With the recent historic floods experienced across the GTA, Toronto plumbers have had their hands full with basement flooding and related problems. One of the issues that’s taken priority with city councils is the storm water system, and in Missisauga councillors recently approved a new “storm water fee” that is expected to bring in up to $27 million a year. The money is sorely needed to improve the city’s infrastructure that handles storm water run-off and help reduce the number of homes flooded with each big storm. Toronto is considering implementing a similar fee, according to an article in the Toronto Star.
How Much Will You Pay?
The new fee takes effect in 2016, provided it is ratified at the mid-December council meeting. Homeowners will be expected to cough up between $66 and $132 extra a year, depending on the size of your lot. By taking steps to reduce storm run-off, you’ll be able to get a slight reduction on the fee in the form of a coupon or voucher, or a one-time tax rebate. These steps could include measures such as the use of rain barrels to catch some of the water, which reduces the amount flowing into the city’s storm water system.
Businesses Will Pay, Too
Commercial properties will be hit with the storm water fee too, based on a rate of $94 per 2,900 square feet of surface land. This is the same rate used to calculate the fee amounts for private homes, although it’s unclear at this stage how apartment buildings and condominiums will be affected. Businesses will have the option to find ways to reduce the run-off and receive credits, but it seems that under these new rules, all Missisaugans are going to have to pay up.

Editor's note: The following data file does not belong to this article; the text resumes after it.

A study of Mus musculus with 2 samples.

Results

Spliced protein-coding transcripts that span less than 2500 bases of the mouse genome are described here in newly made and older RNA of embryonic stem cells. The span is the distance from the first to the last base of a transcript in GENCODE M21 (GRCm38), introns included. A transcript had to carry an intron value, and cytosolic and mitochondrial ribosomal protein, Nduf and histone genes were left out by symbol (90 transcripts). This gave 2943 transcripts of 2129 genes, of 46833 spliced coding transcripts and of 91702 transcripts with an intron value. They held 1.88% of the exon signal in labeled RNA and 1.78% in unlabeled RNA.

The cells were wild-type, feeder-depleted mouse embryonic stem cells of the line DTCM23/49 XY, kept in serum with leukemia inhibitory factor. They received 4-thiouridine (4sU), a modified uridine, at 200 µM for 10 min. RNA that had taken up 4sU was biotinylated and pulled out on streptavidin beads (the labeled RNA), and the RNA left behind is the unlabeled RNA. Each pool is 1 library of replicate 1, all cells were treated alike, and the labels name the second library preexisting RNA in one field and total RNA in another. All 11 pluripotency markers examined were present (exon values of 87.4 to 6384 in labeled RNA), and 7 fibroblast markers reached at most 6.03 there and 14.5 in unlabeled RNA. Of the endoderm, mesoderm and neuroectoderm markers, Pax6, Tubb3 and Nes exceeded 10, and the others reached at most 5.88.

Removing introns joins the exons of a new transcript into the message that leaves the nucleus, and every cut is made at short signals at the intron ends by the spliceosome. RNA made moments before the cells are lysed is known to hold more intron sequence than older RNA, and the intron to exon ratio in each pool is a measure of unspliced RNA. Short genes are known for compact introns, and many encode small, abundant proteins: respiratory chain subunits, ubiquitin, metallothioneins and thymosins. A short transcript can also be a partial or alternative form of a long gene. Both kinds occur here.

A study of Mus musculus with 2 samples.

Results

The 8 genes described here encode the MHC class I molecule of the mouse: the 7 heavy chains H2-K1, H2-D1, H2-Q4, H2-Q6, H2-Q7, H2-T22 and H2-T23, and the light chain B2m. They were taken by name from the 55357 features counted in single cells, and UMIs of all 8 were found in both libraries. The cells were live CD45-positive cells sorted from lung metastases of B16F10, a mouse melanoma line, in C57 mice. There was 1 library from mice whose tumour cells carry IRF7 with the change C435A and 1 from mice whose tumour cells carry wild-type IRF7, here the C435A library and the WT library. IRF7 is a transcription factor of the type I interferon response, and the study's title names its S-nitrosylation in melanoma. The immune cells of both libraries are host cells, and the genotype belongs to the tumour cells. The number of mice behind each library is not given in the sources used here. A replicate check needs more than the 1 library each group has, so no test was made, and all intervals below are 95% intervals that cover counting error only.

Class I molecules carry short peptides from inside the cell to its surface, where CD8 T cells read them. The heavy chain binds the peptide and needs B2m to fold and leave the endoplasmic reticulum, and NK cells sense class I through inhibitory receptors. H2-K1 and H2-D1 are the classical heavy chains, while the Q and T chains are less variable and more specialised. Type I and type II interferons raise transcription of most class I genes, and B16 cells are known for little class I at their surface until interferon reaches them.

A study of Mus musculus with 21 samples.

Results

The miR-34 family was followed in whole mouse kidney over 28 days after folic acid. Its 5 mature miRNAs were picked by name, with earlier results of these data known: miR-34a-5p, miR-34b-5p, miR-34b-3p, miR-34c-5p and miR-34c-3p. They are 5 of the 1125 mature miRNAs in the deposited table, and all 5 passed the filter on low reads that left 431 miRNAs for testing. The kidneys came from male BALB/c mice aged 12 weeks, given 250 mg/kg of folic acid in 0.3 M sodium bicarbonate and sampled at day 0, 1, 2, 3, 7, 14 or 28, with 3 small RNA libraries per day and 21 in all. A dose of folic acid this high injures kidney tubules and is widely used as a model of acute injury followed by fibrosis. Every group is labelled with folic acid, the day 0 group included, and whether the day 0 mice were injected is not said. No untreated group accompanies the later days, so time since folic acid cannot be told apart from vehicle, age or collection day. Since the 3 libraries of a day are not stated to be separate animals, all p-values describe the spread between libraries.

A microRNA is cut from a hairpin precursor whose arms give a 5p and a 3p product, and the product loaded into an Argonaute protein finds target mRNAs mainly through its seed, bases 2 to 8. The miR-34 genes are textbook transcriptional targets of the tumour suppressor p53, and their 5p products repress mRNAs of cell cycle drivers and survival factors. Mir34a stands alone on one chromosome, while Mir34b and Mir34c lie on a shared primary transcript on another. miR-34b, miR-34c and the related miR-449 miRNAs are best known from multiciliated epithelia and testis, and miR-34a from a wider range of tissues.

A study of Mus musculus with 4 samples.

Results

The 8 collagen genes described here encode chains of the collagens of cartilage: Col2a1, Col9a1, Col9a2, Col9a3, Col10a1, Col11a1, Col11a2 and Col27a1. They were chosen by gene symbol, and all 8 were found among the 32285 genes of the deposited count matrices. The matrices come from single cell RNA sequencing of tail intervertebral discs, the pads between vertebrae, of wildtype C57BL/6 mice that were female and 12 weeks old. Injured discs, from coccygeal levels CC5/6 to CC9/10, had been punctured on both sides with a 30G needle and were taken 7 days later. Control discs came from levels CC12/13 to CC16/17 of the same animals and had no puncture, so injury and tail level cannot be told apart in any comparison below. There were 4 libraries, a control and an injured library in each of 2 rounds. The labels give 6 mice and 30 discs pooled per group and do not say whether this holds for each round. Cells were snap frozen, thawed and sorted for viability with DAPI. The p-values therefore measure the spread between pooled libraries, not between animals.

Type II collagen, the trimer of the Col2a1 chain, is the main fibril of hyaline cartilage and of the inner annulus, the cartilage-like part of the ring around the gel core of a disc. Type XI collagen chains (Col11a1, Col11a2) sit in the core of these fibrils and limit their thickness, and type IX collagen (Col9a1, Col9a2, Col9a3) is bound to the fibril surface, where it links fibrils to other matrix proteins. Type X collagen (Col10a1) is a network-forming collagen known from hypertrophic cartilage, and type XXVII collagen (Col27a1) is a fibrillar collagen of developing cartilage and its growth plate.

Rising Water Rates
When this fee hits Toronto it will be over and above the continually-rising water rates, which have been going up by 9 percent per year for the past 9 years based on a former council decision. The agreement ends in 2014 but is slated to be replaced by an increase of 8 percent per year for the years 2015 to 2017. If a storm water fee comes in around 2016, the average household using 300 cubic metres of water per year will pay around $1209 per year instead of the current $808, which is a 66 percent jump in 4 years.
Your best bet for keeping costs down is to avoid being penny-wise and pound (dollar) foolish. Making sure your storm drainage system is working properly is the first step towards reducing your risk of expensive flooding. You may not be able to control the amount of water flowing into the city’s system, but regular drain camera inspections will help you to avoid damage such as tree roots, debris and broken pipes, which all cause havoc in the storm water system and could result in storm waters backing up to your home and causing basement flooding. That will not only cost you repairs to your own drainage system but could also involve deductibles for flood repairs, higher insurance premiums and a higher storm water fee when it comes into play.